Solons worried Boracay work may not meet deadline

By Ellson Quismorio

Congressmen have expressed concerns that the world-famous Boracay might not be able to reopen on October 26 as promised by the Department of Environment and Natural Resources (DENR).

Locals stroll and enjoy the white beach of Boracay Island in this photo taken April 27, the day after the resort island was closed off to tourists for six months. Department of Tourism (DOT) maintained that economic activities are still ongoing despite the closure. (Tara Yap / MANILA BULLETIN) (Tara Yap / MANILA BULLETIN FILE PHOTO)

During a hearing Thursday held by the House Committee on Natural Resources about the ongoing rehabilitation of Boracay in Aklan, the solons couldn't help but notice the supposed absence of a "grand plan" in fixing the environmental woes that caused to the island's closure to tourists in the first place.

Among those invited to the hearing were officials from the DENR and Department of Interior and Local Government (DILG), who are part of the wider Boracay inter-agency rehab task force earlier formed by President Rodrigo Duterte.

"With due respect...we had an on-site hearing last June 1 and all of the stakeholders were present. One of the questions was really, the absence of a comprehensive action plan. And I think...the stakeholders, the residents, the investors, even NGOs (non-government organizations) are asking,"the committee chairman, LPGMA Party-List Rep. Arnel Ty told the agency executives.

"We are waiting for that comprehensive action plan that we haven't received yet," added Ty, whose House Resolution (HR) No. 1706 led to hearing-slash-inquiry.

Known for its pristine beaches, Boracay was ordered closed for six months by Malacañang beginning April 26 after a long-brewing sewage problem there went out of hand. Duterte went as far as to describe the popular tourist spot--which had been overrun by hundreds of commercial establishments--as a "cesspool."

There's great urgency in restoring Boracay to its old self since the economic losses of an extended closure would be tough on residents. DILG Undersecretary Epimaco Densing III, who attended Thursday's hearing, earlier said that such losses could reach as much as P20 billion.

Aklan lone district Rep. Carlito Marquez, an engineer, questioned the feasibility of the task force's plan to address Boracay's sewage problem through the use of portable sewage treatment plants or STPs.

"Kung ang plano nga natin ay dapat bumili sila ng STPs na portable, hanggang saan na ba tayo doon? Kasi wala na tayong oras. Tsaka nakausap niyo na ba yung supplier? Halimbawa 500 ang bibili, mayroon ba silang masusuplay? Kailan ba made-deliver? Kailangan yun eh," he said.

(If our plan is for the commercial establishments to buy portable STPs, then how are we doing. Because we don't have time. Also, have you spoken to the supplier? What if we need to buy 500, can they supply it? When will it be delivered? We need those data.)

"Baka mapahiya tayo, ang DENR mismo nag-pronounce na (We might lose face, the DENR itself pronounced that) by October 26, we hope to reopen Boracay. Baka hindi natin makumbinsi ang Presidente...Marami pa ang ating problema, kabit-kabit pa (We may not be able to convince the President...We still have a lot of problems, they're interconnected)," noted Marquez.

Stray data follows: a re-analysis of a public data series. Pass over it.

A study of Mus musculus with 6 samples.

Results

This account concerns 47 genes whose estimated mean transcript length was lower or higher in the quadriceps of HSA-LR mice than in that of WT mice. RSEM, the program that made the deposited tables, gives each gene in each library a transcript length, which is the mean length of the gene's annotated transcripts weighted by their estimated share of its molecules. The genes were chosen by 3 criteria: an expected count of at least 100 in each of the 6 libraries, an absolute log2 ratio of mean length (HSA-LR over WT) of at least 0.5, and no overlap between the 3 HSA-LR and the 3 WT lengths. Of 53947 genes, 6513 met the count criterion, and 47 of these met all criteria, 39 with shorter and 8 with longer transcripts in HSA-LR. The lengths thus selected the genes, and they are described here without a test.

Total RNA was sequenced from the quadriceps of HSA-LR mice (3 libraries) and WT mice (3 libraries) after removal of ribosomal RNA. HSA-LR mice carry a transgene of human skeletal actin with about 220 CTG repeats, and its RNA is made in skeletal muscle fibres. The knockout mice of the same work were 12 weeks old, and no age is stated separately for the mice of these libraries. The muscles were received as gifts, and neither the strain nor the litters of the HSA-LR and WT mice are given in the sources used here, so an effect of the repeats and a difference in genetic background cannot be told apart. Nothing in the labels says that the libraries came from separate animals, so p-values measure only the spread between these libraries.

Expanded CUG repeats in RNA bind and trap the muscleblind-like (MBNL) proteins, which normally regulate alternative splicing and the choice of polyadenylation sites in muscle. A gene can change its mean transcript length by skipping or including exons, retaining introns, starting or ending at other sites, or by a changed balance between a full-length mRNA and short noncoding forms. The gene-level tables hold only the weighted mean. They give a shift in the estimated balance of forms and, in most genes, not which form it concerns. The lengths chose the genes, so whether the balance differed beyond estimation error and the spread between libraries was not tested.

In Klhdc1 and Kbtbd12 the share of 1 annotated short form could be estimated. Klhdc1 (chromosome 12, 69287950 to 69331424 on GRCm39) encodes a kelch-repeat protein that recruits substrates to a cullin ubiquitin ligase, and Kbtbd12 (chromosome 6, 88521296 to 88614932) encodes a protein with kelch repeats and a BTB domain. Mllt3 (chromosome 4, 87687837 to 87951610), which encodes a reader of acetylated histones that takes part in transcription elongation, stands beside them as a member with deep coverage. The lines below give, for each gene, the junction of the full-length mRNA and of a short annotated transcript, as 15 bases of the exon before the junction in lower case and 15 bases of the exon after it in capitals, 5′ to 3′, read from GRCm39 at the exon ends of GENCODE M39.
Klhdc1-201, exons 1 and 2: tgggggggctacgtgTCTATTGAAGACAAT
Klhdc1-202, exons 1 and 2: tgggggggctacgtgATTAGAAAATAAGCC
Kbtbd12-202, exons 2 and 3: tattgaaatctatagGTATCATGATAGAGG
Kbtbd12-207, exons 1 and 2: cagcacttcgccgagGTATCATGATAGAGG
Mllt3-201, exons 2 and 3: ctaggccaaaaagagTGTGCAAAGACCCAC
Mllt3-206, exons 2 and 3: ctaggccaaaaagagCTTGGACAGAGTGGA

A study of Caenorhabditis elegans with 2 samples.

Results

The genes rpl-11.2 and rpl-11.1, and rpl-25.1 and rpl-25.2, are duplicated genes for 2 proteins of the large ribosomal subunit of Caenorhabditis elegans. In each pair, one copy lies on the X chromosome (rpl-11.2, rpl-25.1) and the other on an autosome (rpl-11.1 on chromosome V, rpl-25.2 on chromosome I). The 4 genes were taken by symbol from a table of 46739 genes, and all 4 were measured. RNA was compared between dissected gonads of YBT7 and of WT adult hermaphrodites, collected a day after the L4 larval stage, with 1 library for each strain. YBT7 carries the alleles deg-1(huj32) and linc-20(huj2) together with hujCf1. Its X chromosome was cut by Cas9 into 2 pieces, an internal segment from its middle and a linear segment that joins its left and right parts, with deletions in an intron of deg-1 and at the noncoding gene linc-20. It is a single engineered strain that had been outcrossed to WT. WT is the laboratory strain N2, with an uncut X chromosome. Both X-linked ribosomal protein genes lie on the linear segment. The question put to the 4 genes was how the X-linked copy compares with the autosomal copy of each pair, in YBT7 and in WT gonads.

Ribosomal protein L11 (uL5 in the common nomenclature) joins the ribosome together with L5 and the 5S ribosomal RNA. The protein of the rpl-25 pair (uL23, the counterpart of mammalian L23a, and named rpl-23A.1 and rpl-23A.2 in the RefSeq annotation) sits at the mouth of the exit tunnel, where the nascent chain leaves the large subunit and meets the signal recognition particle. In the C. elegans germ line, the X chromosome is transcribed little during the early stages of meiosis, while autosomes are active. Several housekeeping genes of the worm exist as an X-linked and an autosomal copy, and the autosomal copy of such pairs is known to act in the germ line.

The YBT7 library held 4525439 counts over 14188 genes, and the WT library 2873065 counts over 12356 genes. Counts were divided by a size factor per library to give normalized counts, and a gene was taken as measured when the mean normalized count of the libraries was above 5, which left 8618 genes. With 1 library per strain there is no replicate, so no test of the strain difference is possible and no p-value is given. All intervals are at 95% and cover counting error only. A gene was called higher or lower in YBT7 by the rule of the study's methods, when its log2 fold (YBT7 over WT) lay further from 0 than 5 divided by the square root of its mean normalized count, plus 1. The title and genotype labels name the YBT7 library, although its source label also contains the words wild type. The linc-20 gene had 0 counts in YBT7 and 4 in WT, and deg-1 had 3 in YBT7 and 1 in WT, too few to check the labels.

ACT-Teachers Party-List Rep. France Castro agreed with the Aklan solon in that they may not be enough time to meet the October 26 target.

"Maganda yung tinanong ni Congressman Marquez kanina, pangalawang buwan napo ito (Congressman Marquez posed a good question a while ago; this is already the second month)," she said.

"Nakikita natin na wala pa talagang grand plan para doon sa pagre-rehabilitate ng Boracay. May kanya-kanyang plano ang DENR at iba pa na hindi parin coordinated. Ang taumbayan nagtatanong, ano ba talaga yung gagawin niyo sa Boracay?" Castro added.

(We can see that there is as yet no grand plan for the rehabilitation of Boracay. The DENR and others have different plans that are still not coordinated. The people is asking, what are you really going to do to Boracay?)

Communication problem

Densing responded by saying that it isn't true that they don't have a concerted plan for the island's rehabilitation.

"Ang DENR, DOT (Department of Tourism) at kami po sa DILG, nag-meeting napo kami at tinignan namin kung ano ang posibilidad kung isasara ang isla, kung ano ang mangyayari. Tuloy-tuloy ang pagdi-diskusyon namin ng plano sa mga stakeholders," he claimed.

(The DENR, DOT and us from the DILG have met and discussed the possibilities if we close the island. We continuously discuss our plan with the stakeholders.)

For his part, DENR Undersecretary Ernesto Adobo admitted that there might be a communication problem as far as conveying the task force's actions to the public is concerned.

"What Usec Densing said is correct, but the process in communicating to the stakeholders, sa tingin namin (we think) needs improvement," he said.

As for the comprehensive action plan that Ty was asking for, Adobo said that they would submit it soon.

"This is a consolidation of all individual plans per agency...these are our guideposts for the implementation of the rehabilitation. And we are reporting it regularly to the Office of the President. Now, the inter-agency task force also passed a resolution to provide both Houses of Congress a copy of that regular report."

Ty said he would call for another hearing on the matter.